On 14 November 2012 the German Federal Patent Court decided (file no. 28 W (pat) 518/11) that the letter “M” in the context of “sports cars” in class 12 is eligible for registration as a trademark – as filed for by BMW. The full decision was only published recently.
At an earlier hearing, the Trademark Section for class 12 at the German Patent and Trademark Office decided 15 December 2010, to reject the application due to a lack of distinctiveness. The Section stated that domestic consumers understood the trademark in relation to “Sports Cars” only as a relevant abbreviation for class, type, serial, equipment modification, or a model designation and did not assign any commercial origin to it. The ground for refusal of a lack of distinctiveness was not overcome by “acquired distinctiveness” pursuant to section 8(3) German Trademark Act. The survey provided by the applicant did not prove distinctiveness in the “relevant public” as it was not representative of the participants (consisting of only 231 interviewees).
The applicant filed an appeal. The court decided that the trademark “M” was distinctive as the relevant average consumer did not understand the letter “M” as a descriptive term for “Sports Cars” in class 12; rather “M” was an abbreviation for “medium”, “model” or “mega”, and in the motor vehicle arena the “M” as the first letter on German licence plates before the dash is the abbreviation for the city of Munich. Furthermore, “M” was also not to be kept available for competitors of the applicant. European Directive 2007/46/EC of 1 November 2007 contains a classification for cars for passenger transportation with at least four wheels. However, this classification is called “Class M”. Therefore, the letter “M” was not used and the companies concerned needed to describe passenger cars separately, including “Sports Cars”, but only in the combined form “Class M”.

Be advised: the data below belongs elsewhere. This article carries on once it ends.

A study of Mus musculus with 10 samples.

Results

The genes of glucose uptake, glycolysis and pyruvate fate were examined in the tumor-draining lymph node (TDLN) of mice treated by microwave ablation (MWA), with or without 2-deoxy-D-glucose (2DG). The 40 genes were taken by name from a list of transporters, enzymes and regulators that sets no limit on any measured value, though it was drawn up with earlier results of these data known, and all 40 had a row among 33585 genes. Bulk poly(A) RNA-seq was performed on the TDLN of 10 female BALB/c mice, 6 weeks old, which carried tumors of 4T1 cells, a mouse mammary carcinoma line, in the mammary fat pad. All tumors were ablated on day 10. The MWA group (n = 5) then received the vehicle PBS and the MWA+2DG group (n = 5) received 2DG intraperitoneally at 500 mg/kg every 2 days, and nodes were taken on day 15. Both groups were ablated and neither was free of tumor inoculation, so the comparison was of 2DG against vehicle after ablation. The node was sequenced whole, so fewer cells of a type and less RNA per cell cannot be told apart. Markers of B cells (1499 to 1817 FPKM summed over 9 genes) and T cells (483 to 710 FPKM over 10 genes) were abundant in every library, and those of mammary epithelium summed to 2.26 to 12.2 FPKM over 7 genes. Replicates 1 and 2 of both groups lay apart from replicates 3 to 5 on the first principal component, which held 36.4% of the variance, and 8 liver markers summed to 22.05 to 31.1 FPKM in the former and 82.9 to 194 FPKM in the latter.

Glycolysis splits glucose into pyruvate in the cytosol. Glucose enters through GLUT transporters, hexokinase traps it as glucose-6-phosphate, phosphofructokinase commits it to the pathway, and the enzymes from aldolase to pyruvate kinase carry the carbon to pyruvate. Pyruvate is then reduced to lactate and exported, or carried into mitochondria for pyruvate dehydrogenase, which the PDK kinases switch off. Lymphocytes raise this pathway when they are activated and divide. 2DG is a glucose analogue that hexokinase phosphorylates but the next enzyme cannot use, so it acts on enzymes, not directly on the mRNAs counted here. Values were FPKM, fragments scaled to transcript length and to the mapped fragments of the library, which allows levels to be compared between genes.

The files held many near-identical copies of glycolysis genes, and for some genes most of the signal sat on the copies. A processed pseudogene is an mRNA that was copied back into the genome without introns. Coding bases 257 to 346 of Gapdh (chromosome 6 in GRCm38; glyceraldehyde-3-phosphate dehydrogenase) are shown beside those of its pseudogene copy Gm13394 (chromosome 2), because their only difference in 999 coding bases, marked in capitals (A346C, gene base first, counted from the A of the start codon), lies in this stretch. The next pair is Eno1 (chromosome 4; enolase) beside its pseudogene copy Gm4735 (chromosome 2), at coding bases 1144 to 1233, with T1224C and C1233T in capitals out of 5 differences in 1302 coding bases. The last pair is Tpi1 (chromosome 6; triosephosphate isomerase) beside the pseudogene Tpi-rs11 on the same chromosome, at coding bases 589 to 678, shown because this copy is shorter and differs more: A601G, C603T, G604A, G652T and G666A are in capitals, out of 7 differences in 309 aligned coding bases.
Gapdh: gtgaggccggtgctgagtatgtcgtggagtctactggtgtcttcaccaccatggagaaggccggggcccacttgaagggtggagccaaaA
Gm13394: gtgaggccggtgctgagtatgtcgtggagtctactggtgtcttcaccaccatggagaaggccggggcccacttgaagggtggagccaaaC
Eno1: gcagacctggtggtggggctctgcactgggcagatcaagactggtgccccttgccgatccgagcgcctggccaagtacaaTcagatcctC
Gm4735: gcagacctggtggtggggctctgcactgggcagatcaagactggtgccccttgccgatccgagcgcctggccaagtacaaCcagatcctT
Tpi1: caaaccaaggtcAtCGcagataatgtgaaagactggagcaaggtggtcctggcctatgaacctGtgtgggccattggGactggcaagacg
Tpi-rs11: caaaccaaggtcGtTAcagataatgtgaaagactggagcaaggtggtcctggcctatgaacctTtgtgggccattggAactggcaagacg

Due to the lack of grounds for refusal according to Section 8(1) and (2) German Trademark Act, it was not decisive whether the trademark had gained “acquired distinctiveness” pursuant to section 8(3) German Trademark Act.
The German Federal Patent Court’s opinion corresponds with the intention of the German Trademark Act, as single letters and numbers are capable of being protected as a trademark pursuant to section 3(1) of the Act. The fact that the trademark consists of a single letter only is not sufficient on its own to reject a registration, provided that the letter is distinctive for the products in question; and that there are no other circumstances requiring that the letter be kept available for competitors.